Kaitlin Broderick LCPC 

Happiness isn’t something that is easy to define. People often ask themselves, how can I be happier or how can I get more joy out of everyday life?  Why aren’t I as happy as this person seems to be? Happiness is a subjective state of well-being, and what makes one person happy won’t necessarily make a different person happy. It is an emotional state that varies widely from day to day or even hour to hour. No one is ever going to be a 10 out of 10 on the happiness scale all the time. People often put unrealistic standards on themselves on how they should be happy most of the time and if they aren’t, something is wrong. The reality is that we are complex human beings with a range of emotions and it is normal to feel sadness and pain at times. We as a society are at a point in time where we have more freedom, more money, more choices than ever before, yet rates of depression continue to skyrocket. Here are some of the potential reasons why we are more unhappy than ever before and some consistent elements across the board that have been proven to increase happiness levels. 

We are constantly comparing ourselves to others. Through social media, we are bombarded by displays of other people whose lives look perfect. The reality is that you don’t know what life is really like for anyone judging only from their social media and the more you compare, the unhappier you will be. Just because someone looks happy doesn’t necessarily mean that they are.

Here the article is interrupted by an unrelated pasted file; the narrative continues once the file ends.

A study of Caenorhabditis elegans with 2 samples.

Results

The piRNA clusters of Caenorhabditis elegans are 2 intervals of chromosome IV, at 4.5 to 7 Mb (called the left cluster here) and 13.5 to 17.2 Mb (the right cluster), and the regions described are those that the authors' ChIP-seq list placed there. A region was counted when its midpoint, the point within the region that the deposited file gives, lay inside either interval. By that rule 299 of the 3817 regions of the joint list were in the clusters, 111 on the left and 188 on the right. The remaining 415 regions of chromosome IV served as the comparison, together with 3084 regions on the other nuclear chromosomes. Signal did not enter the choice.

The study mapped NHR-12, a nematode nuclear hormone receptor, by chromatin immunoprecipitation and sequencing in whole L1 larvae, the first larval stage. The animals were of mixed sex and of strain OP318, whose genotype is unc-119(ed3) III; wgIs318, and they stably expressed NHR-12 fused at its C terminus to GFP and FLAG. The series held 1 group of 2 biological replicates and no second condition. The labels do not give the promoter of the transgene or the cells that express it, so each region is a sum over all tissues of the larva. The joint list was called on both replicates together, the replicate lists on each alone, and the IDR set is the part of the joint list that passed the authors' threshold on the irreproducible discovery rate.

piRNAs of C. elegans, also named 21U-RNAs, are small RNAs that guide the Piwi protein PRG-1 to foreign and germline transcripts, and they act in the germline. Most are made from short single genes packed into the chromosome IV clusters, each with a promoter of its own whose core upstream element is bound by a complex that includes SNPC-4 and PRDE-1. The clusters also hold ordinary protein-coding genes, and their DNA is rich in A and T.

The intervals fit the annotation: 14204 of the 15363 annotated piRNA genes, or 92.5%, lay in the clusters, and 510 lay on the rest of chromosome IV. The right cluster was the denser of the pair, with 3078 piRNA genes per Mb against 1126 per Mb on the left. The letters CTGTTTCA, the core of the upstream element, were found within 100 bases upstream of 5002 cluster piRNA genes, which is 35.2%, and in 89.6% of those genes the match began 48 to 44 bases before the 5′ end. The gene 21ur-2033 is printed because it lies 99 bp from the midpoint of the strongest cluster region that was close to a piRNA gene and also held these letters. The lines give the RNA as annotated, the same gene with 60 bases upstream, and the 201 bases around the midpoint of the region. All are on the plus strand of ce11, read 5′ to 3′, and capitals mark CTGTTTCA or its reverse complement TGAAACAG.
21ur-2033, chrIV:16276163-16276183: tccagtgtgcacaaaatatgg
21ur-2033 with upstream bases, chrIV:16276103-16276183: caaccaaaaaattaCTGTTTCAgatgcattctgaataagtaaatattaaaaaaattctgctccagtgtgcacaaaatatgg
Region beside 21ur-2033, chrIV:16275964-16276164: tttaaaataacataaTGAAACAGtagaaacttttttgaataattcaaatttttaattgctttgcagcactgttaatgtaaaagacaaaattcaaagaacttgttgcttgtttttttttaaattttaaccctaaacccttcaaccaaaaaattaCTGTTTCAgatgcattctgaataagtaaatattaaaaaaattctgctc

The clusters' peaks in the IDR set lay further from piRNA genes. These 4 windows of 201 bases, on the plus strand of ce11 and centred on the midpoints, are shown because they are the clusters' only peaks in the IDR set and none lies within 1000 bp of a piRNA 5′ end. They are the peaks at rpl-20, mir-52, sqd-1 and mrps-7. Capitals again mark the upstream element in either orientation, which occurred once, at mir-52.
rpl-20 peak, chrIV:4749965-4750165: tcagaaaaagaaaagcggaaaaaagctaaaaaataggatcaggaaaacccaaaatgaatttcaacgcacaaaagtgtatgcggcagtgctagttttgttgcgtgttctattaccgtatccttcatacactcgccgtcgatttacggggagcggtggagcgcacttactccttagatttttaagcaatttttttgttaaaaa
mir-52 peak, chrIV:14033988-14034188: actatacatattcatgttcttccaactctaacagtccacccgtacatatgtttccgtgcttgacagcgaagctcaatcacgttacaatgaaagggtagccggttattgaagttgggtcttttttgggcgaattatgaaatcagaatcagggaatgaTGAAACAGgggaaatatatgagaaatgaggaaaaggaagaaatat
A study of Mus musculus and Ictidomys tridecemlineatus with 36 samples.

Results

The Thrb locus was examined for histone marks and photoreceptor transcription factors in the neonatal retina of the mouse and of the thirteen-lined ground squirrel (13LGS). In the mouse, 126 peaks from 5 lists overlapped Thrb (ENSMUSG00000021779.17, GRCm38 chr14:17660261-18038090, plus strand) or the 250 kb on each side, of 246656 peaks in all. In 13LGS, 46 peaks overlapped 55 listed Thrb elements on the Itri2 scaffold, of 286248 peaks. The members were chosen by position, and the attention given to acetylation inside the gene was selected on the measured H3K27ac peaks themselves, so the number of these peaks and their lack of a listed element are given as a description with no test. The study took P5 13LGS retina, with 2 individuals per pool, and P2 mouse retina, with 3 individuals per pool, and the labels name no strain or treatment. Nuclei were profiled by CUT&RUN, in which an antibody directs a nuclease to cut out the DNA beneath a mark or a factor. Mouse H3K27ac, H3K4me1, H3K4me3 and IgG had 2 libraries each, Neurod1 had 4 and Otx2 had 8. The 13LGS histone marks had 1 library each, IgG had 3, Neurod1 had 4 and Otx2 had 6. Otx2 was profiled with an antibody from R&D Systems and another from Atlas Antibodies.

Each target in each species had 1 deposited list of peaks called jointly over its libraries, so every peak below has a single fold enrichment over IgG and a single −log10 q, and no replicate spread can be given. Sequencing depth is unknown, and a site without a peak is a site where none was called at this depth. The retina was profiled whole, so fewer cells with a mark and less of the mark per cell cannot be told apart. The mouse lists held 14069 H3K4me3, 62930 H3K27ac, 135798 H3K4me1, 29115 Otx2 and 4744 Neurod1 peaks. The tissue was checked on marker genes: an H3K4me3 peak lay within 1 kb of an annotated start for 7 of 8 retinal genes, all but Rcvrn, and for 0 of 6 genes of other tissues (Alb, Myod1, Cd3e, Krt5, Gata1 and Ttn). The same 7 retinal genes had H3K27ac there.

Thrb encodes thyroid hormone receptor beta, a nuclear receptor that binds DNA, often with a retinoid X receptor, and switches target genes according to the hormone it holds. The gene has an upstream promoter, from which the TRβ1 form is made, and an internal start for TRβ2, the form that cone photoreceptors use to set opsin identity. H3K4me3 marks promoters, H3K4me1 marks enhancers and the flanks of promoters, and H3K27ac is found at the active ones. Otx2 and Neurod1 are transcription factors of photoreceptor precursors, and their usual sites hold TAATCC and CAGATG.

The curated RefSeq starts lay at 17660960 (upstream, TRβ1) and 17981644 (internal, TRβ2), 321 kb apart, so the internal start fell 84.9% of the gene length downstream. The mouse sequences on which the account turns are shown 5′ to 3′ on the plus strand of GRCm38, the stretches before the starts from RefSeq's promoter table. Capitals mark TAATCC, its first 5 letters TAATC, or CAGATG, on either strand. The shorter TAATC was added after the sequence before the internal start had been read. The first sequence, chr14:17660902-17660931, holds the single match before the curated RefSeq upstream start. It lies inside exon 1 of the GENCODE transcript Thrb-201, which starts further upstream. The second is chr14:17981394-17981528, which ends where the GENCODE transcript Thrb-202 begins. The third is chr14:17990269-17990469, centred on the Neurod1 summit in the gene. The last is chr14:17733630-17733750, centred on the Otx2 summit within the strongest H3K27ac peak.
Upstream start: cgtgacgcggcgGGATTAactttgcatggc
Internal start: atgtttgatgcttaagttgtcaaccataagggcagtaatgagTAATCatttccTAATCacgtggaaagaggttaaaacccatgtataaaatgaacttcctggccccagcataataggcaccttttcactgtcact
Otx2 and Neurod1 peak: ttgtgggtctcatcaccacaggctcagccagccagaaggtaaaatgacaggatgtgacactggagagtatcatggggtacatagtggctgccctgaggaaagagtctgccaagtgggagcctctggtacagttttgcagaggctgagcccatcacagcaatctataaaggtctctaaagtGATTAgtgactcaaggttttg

Instead of being present in our lives, we focus on the past or future. We second guess our choices, or we look to the future for happiness, thinking once I get this job or this house then I will be happy. This way of thinking is always a recipe for unhappiness and discontent. 

We are also more stressed than ever before. People often equate more money with more happiness but with more money comes more work and longer hours which results in neglecting other areas of your life such as health and relationships. 

Things that have been proven to actually increase happiness include volunteering or doing something nice for someone else. This is effective partially because it gets you outside of your own head and helps you to focus on something other than self. 

Having meaningful relationships has been shown to make people happier. Being able to talk to others when you are having a hard time rather than putting up a mask/facade that everything is ok is crucial to well-being. Studies have shown that Scandinavian countries tend to have overall happier people mainly because of the sense of community and the value they put on relationships with others. A feeling of purpose in your life has been shown to make people happier as well. This may mean exploring what your values are and putting more time into what you truly enjoy and less time on doing things out of obligation or guilt. 

Sometimes age can bring more resilience and an appreciation for the smaller things in life. Developing an attitude of gratitude and reminding yourself of things you are grateful for on a daily basis has been shown to increase overall well-being. As humans, we have a tendency to focus on the negatives in our lives as well as focus on what we lack rather than what we have. Try to do the opposite of this and focus on the positives in your life and what you do have. 

If you are trying these techniques and still struggling with a persistent feeling of low self-worth, loss of hope, or trouble enjoying pleasurable activities please reach out to someone to help as these are signs of clinical depression. Talk to one of our therapists at Symmetry Counseling today. We offer in-person and online counseling in Chicago.